People who suffer from depression need understanding and support, but Iris Robinson has crossed a line with behaviour that cannot under any circumstances be condoned.
To enter into a relationship with Kirk McCambley, the vulnerable and bereaved 19-year-old son of her deceased friend, was not just "inappropriate", as her husband Peter called it in his emotional interview the day before the BBC's Spotlight programme revealed the sordid truth, it was manipulative and an abuse of power.
Robinson, whether suffering from depression or not, was at the time one of the North's most powerful politicians, revelling in that position, delighted to be feted as a glittering partner of her husband, DUP leader Peter Robinson. She was an assembly member, a member of parliament at Westminster, the glamorous centre of the Northern power nexus.
He was 19. His father, a butcher, had just died. The imbalance of power in the relationship is so huge it cannot be condoned under any circumstances. One can only imagine the outcry if a powerful man of Iris Robinson's age entered a sexual relationship with the daughter of a deceased family friend.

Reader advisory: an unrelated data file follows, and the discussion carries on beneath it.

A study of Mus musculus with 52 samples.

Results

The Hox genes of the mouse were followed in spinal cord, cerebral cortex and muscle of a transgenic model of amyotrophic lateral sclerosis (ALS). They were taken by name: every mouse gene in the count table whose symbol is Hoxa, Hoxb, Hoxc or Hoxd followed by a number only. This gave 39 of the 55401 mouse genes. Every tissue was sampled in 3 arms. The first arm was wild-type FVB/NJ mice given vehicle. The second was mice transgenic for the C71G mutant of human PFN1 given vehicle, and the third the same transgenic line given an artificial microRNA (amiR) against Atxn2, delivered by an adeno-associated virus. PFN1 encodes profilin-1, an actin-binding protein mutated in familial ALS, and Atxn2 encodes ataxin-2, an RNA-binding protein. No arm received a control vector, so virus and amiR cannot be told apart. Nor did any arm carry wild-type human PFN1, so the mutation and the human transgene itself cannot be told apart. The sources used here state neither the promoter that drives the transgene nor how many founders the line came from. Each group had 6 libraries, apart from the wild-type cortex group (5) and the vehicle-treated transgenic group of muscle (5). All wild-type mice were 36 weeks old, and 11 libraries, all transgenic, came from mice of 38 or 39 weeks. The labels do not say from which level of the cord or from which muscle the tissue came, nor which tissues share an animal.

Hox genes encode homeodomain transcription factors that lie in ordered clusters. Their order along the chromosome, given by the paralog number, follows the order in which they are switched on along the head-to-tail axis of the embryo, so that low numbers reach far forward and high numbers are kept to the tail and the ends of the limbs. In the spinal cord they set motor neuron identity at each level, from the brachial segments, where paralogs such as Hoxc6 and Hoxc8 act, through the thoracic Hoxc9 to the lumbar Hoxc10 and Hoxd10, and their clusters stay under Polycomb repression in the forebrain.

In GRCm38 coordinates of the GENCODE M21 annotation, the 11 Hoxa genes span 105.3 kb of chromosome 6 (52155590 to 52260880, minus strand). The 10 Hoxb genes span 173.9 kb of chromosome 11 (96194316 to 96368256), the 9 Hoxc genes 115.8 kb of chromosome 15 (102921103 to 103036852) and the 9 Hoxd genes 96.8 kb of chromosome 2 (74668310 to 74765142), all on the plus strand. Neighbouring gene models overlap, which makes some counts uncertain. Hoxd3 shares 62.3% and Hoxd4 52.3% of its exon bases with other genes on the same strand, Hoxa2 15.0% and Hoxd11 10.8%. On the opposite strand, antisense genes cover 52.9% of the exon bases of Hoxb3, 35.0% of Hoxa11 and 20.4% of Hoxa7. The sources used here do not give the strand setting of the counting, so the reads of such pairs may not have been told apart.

Such double standards, from a woman who outraged the gay community by calling homosexuality "an abomination", have rarely been equalled. The perverse mixture of religion and politics in the North, in which politicians seem to believe they are entitled to make moral pronouncements about matters of personal belief, is exposed for the thumping hypocrisy it is. Iris Robinson's political career is destroyed.
Peter Robinson's position is on a knife-edge. How much he knew, and when, is still unclear. He has denied categorically that he has any questions to answer on non-declaration of interests because the £50,000 his wife solicited from two property developer friends to set McCambley up in business was, he says, paid directly to the young man.
His call for an independent investigation by a senior counsel to decide whether he breached parliamentary and assembly rules gives him breathing space. Such an investigation might even exonerate him on procedural grounds.
But these events undermine the unbending "morality" on which so much of his politics is based, and he is both politically and personally damaged.